Renovating a Kitchen, think like a designer!

DSC_0016Part 3 Cabinets or Built-ins…… they are not all made alike Quality 101

Cabinet may look the same but are they? What are the differences I should be looking for? How do I know what I am purchasing? Let’s decipher how the cabinets are made and what to look for when purchasing your new built-ins.

What are boxes?

Boxes are the sides (gables), front and backs of the cabinets that hold the drawers and support the counters. They can be made of Medium Density Fiberboard(MDF), Plywood or Particle board 3/8”or 3/4” material, with 3/4” being the best. Construction methods vary with lower quality being stapled, butt jointed, glued and, no bracing. Preferred construction would be: dado, screwed, glued and dowelled with appropriate bracing.

Decorative Panels and Doors

We have 3 main material types used as the decorative exterior panels that will be stained or painted.

MDF is affordable, provides a great surface to paint but, dents and chips easily. Off gassing from the urea formaldehyde is not ideal.

JondreausinkafterParticle Board is a composite material made of wood fibers and glue and then pressed together under pressure. Quality varies because of the glue used and/or the type of wood fiber: either softwood or hardwood. Look for products made in North American, certified by ANSI A208.1. as materials from overseas may contain abnormal level of carcinogens.

Plywood is made up of thin layers of wood applied to each other in different directions to create stability. Plywood can have different number of layers with the better companies using 9 ply. Canadian plywood is certified by Certiwood, it is environmentally responsible (managed forests and nothing wasted).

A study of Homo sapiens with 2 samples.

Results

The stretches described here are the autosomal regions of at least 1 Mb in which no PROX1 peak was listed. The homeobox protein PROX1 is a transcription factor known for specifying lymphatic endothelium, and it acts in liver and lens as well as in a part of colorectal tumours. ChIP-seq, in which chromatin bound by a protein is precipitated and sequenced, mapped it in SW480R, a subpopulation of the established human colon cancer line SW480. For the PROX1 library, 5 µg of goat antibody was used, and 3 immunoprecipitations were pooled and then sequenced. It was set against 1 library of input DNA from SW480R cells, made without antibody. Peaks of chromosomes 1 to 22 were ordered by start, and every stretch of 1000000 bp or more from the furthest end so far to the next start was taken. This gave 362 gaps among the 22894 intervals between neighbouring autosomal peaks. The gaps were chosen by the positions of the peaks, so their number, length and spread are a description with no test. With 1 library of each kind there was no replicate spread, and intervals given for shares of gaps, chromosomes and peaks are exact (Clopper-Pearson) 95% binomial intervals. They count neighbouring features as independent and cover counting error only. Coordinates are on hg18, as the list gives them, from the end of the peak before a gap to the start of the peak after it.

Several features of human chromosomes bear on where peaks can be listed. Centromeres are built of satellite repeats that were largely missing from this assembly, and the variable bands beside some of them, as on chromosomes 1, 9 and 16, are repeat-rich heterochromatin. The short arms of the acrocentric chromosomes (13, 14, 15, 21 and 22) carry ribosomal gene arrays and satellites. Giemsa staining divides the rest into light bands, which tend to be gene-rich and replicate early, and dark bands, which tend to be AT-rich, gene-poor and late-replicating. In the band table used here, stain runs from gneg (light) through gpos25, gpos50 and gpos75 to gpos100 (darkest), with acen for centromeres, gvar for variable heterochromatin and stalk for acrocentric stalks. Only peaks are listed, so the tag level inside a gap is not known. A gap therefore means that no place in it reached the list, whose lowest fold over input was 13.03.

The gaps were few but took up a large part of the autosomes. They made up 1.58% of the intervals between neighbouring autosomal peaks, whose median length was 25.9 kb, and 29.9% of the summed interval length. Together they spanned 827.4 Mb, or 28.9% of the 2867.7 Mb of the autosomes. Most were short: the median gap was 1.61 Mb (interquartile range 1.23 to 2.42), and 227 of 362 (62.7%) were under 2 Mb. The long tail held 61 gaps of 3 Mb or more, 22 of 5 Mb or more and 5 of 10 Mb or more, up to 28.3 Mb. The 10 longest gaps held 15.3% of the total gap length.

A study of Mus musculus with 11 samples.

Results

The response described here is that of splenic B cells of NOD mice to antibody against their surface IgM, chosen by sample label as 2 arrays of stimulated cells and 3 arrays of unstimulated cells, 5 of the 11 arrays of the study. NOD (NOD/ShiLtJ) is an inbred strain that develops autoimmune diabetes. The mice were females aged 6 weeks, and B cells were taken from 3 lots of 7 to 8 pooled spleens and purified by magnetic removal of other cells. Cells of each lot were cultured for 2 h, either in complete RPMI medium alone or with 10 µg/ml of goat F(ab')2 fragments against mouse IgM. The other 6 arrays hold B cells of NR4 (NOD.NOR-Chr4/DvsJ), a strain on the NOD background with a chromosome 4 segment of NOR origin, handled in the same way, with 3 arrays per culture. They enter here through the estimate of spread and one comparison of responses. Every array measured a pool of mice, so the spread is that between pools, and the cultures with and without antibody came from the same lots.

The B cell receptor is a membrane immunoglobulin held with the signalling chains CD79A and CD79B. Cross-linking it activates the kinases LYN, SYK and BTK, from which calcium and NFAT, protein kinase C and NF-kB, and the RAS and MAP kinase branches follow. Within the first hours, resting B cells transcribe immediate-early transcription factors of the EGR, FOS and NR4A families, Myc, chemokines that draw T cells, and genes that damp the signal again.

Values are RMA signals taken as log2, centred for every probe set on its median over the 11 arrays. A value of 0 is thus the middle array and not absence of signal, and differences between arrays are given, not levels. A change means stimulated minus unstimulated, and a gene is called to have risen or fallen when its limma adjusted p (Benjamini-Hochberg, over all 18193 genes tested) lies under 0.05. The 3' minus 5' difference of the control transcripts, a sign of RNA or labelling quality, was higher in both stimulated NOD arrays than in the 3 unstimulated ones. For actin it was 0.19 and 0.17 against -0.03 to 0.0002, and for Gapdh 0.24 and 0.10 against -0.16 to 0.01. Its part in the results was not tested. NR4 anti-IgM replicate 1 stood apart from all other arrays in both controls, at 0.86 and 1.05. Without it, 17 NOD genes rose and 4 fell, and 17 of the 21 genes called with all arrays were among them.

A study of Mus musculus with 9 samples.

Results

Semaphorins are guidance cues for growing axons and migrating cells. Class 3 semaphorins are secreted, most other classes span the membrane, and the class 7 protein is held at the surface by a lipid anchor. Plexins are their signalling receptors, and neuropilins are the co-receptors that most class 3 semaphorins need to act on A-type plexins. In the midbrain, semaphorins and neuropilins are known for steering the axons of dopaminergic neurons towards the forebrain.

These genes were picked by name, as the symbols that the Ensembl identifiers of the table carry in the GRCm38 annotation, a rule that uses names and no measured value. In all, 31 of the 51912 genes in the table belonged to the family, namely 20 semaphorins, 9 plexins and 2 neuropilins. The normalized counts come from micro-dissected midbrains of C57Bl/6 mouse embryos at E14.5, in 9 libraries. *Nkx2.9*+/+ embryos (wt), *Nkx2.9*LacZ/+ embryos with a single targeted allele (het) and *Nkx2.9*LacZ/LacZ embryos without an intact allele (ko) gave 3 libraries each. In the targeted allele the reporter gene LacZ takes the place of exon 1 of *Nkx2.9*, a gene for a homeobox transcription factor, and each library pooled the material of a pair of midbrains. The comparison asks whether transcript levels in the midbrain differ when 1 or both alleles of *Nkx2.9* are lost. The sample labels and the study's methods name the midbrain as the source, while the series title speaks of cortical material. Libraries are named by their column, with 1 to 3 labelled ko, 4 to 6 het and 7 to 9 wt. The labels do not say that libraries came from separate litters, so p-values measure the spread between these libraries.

I prefer painted or stained cabinet doors to have wood rails with a floating panel in the middle. If you are painting then a center MDF slab will be less likely to shrink and therefore not show cracks in the joints.

Drawer Construction and Slides

Drawers take a beating. Less preferred construction would be particle board, fiberboard bottoms, glued and stapled, while better quality will be Baltic Birch plywood, dovetailed, glued with ½” sides and ½” bottoms. Use European soft close slides, you won’t be sorry.

Finishes

Prep work like sanding is so important to get that superb finish. Using post catalyzed lacquer, which won’t yellow and all work done in a controlled spray booth adds to the quality of the final finish. A great stain that is absorbed into the wood is far superior to a stain that sits on top and shows every scratch.

Who is going to install your kitchen?

Look for local companies who install their own kitchens as they will take the same care and pride as went into building them. Other companies have 3rd parties who install. Some of the pitfalls of this option maybe a rushed job or you’re your kitchen install isn’t a priority.

Longevity

This is what people can’t see until x number of years down the line, when the finish is deteriorating, drawers start coming apart and the company is not there when you call them.  A great company will answer your calls and emails promptly, delivering the cabinets when they said they would. They will be detail oriented and service driven so clients will have a positive experience and recommend them to others.

It is tough comparing apples to apples and in my experience there is always a really good reason for pricing differences, choose wisely…. Think outside the box…… Think like a designer!